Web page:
Burnley quintet Another Dead Hero are set to re-release their album Dystopia next month. Find out what we thought here.

Credit: Album Cover/SaN PR

Credit: Album Cover/SaN PR

If you’re on the look out for a new band to listen to who meets the standard, the norm, the breadth, then you’ve come to the wrong place. Burnley hailed quintet Another Dead Hero just about mash every big grunge and metal rock band together, leaving behind their unique sound and no disguise in sight. If this wasn’t enough to cast their shadows away from the ordinary, then their re-release will. Yes, you heard right, a re-release. Dystopia, formally released last year, has been given the green light for a second go next month, and HTF are here to give you the lowdown of it.

Dystopia opens with a 57 second instrumental frenzy simply titled ‘Intro’. It begins with sounds as if you were walking through a cemetery on an eery misty night, but soon kicks into electronica elements that sends you into a world that feels extremely Limp Bizkit-like. This fuels for the fire for follower ‘Change The Game’. Its a recipe comprised of Linkin Park’s Mike Shinoda with a dollop of Limp Bizkit’s Fred Durst, and its very satisfying. It even has elements of the internationally adored psychedelic sounds of Deftones. As an opening duo, it certainly does no less than hook you in.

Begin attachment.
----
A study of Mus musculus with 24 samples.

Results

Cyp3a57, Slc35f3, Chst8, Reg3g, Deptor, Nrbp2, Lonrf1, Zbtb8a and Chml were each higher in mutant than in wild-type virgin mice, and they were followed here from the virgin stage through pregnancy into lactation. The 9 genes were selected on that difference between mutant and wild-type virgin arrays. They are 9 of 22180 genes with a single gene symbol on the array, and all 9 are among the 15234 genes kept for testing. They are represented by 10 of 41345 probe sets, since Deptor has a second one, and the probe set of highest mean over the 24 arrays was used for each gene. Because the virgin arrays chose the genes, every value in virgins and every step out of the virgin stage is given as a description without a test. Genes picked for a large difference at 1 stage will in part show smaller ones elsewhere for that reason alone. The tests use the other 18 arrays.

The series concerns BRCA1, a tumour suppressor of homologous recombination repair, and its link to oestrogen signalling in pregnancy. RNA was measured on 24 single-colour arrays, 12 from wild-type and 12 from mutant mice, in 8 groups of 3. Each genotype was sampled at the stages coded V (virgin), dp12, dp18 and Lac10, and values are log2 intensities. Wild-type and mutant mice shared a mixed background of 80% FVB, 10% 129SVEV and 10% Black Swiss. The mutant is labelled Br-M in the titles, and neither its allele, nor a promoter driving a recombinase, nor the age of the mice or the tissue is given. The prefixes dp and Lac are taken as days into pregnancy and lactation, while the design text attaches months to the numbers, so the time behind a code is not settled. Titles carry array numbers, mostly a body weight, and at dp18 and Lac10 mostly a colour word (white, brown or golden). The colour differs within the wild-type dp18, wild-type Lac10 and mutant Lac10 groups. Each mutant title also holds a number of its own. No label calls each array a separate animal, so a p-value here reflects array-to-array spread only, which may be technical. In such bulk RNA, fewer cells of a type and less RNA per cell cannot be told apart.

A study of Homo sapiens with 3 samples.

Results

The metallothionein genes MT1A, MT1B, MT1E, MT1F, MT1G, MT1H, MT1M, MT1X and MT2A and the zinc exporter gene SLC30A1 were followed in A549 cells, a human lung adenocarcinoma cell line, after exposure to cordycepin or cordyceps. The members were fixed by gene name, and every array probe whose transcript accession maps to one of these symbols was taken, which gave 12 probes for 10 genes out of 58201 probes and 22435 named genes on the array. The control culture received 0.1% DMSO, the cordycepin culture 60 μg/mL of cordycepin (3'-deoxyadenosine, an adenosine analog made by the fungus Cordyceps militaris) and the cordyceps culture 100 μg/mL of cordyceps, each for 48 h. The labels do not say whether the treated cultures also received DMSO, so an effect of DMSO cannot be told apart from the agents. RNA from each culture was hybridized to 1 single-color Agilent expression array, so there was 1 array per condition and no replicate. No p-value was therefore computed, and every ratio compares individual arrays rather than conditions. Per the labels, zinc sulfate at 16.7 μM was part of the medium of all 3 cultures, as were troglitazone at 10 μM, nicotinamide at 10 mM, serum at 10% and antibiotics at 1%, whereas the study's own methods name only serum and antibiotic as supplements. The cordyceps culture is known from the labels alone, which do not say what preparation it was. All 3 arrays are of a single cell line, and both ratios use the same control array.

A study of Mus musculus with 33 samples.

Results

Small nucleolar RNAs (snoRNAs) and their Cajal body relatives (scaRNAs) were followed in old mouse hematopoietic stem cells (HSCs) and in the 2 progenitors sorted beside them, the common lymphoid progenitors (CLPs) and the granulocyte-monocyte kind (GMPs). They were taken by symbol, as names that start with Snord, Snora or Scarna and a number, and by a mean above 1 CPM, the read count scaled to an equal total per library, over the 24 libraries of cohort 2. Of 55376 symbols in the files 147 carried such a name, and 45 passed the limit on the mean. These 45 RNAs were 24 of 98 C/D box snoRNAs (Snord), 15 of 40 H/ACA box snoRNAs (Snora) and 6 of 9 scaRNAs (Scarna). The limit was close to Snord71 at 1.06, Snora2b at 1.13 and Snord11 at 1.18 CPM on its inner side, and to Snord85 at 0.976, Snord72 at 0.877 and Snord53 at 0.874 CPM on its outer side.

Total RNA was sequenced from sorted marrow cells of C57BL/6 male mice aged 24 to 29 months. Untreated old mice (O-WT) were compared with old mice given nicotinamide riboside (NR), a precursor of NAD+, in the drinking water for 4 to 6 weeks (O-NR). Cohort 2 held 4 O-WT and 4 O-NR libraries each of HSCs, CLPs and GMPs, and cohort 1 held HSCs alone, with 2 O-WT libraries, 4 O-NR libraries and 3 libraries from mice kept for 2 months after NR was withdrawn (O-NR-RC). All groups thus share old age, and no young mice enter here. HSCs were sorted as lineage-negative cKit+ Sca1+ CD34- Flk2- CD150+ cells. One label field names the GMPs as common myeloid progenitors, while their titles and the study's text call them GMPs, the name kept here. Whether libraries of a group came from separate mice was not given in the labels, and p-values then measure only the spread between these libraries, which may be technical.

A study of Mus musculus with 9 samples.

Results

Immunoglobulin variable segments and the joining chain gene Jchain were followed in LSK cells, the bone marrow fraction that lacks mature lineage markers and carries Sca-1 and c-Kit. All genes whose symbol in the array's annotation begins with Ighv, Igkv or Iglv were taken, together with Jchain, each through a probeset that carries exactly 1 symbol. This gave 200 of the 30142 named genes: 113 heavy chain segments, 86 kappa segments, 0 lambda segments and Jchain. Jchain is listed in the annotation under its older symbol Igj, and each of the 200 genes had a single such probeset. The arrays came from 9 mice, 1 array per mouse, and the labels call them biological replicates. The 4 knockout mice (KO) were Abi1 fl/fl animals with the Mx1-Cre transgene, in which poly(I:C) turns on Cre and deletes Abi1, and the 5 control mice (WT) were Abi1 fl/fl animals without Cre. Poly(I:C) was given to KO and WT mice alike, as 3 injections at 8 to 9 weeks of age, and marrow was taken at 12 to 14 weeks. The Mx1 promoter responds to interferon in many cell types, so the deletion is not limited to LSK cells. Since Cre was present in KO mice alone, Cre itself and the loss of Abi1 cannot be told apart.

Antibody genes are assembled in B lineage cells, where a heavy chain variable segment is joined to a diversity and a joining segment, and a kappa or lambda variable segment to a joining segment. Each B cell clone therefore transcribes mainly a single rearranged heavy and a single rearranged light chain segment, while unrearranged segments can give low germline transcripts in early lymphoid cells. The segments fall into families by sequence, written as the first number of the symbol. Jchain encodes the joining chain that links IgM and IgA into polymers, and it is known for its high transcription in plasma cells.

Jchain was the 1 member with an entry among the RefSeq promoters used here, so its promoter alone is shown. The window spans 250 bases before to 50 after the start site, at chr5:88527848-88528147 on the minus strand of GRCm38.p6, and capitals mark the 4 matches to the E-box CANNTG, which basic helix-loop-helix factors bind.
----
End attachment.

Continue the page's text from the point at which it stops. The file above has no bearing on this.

These vocals filter through the rest of the record, especially in tracks ‘I Don’t Care’ and ‘Infection’. But don’t think this is the only area where this album attempts to stray from the ordinary. ‘Control Mkii’ lends itself to Enter Shikari tendencies as they add an electronic fusion into the record, but still adding their own twist with at times haunting tones. Its follower, ‘Feed Me Your Lies’ completely switches up the album again as a darkened, mellow, powerful hint of a Nine Inch Nails style hits your ears.

If you’ve been concentrating on this review, then you’ll see that Dystopia can be compared to a lot of bands, and this is ultimately is its friend and enemy. Another Dead Hero successfully fuse all their inspirations together to create their own unique musicality, which comes through especially in vocality, but certainly doesn’t hide away in their grunge riffs. On the other hand, too many comparisons can be a negative, which gives the album a lack of overall focus at times. But what must be admired is that every track, all be it all so different, are successful each time.